Last week a LoJack-equipped 2006 Suzuki GSXR-750 motorcycle was discovered stolen from the owner’s apartment complex parking lot in Georgia. The owner immediately reported the theft and police activated the covert LoJack System. Within three hours, Henry County Police Department officers picked up the LoJack signal and tracked the bike to a house in a rural area. The officer called a detective with a search warrant to the site and inside discovered not only the stolen bike, but other stolen motorcycles – all part of a chop shop operation.
After a lengthy investigation, 18 motorcycles, some from as far away as Alabama, were recovered along with the LoJack-equipped bike. The criminals were stripping the bikes and selling the parts on popular online sites like eBay. Total value of bikes in this theft ring is more than $100,000. Three suspects were arrested and more arrests are expected as part of this major theft ring.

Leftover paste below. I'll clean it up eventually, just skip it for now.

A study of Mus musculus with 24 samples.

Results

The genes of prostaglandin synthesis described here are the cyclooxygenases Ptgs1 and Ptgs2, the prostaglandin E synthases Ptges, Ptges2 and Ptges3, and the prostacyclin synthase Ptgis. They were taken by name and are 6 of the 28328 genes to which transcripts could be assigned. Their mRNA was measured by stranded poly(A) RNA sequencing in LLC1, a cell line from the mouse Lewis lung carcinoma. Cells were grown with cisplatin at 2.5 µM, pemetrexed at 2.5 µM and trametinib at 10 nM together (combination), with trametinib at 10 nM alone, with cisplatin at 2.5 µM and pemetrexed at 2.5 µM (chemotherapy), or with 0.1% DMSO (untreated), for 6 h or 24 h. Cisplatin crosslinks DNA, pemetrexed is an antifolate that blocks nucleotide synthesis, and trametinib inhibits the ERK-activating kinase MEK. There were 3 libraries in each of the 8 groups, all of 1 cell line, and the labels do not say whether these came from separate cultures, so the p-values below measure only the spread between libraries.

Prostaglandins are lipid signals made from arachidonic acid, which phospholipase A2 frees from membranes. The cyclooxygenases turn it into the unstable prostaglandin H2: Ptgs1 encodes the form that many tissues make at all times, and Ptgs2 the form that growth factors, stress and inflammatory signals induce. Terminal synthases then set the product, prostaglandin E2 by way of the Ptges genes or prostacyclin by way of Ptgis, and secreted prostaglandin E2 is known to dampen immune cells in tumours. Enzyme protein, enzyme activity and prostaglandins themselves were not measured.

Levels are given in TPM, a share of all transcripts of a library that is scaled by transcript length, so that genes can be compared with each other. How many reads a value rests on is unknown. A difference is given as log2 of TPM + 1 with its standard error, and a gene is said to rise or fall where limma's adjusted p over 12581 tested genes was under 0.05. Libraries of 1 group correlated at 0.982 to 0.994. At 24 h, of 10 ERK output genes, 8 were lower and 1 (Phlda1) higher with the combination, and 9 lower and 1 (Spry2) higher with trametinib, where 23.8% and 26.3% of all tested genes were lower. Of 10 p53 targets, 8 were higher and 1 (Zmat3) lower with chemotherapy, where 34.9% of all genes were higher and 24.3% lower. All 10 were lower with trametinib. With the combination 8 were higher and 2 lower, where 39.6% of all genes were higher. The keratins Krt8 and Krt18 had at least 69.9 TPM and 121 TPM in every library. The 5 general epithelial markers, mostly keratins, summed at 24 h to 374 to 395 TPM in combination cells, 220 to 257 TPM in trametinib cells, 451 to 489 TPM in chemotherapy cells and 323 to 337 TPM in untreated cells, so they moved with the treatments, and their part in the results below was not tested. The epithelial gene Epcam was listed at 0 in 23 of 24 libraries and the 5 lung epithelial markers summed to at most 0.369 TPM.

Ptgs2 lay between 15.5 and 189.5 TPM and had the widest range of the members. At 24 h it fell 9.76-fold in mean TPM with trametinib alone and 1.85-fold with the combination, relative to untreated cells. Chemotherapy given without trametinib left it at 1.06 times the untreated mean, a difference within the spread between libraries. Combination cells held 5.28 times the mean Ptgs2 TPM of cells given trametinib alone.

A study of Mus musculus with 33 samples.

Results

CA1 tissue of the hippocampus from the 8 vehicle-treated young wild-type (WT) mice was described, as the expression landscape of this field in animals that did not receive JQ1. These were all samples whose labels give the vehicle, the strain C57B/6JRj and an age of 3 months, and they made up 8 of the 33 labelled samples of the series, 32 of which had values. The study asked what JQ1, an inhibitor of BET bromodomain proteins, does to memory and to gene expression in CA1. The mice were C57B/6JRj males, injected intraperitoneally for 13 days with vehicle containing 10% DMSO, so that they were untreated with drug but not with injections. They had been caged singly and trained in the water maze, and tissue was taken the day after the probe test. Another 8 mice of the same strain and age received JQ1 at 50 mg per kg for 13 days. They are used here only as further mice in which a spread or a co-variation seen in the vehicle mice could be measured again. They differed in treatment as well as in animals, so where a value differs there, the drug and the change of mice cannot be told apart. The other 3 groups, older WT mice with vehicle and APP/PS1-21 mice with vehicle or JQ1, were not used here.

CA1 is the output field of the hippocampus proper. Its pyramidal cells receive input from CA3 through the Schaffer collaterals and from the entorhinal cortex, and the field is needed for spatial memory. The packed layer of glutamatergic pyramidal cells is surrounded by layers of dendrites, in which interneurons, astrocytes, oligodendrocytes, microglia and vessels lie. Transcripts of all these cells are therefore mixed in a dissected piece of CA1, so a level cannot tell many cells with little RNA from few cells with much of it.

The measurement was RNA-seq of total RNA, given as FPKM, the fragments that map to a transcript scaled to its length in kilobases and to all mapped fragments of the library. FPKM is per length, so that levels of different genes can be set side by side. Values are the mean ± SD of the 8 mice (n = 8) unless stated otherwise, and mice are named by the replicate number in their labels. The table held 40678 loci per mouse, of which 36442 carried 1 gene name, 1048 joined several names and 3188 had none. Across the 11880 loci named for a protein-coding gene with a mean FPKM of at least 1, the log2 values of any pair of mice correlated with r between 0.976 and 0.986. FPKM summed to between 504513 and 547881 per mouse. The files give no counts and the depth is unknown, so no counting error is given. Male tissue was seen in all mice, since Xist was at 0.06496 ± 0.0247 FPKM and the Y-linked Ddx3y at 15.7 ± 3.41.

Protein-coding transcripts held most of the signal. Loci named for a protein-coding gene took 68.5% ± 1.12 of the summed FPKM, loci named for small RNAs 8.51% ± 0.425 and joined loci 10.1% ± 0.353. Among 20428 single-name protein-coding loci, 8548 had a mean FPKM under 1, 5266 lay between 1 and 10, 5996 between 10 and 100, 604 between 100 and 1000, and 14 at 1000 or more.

According to the Atlanta Journal-Constitution, Trenton Dean Mallard, 24, allegedly served as the ringleader and is in custody at Henry County Jail. Mallard was charged with 19 counts of theft by receiving and one count of operating a chop shop.
LoJack says it has achieve a 90 percent recovery success rate over the past 20-plus years, recovering more than $5 billion in stolen assets worldwide.
“These recoveries are great examples of how our proven system continues to benefit society by helping police not only find and recover stolen assets, but moreover break up organized crime rings and arrest the thieves behind these criminal acts,” says Ronald V. Waters, LoJack’s president and CEO. “These recoveries once again demonstrate that LoJack has the right technology and processes in place to effectively recover a wide range of stolen assets. Additionally, our direct integration with police puts recovery exactly where it belongs – in the hands of professionals who can swiftly track down stolen assets and arrest the perpetrators behind the crime.”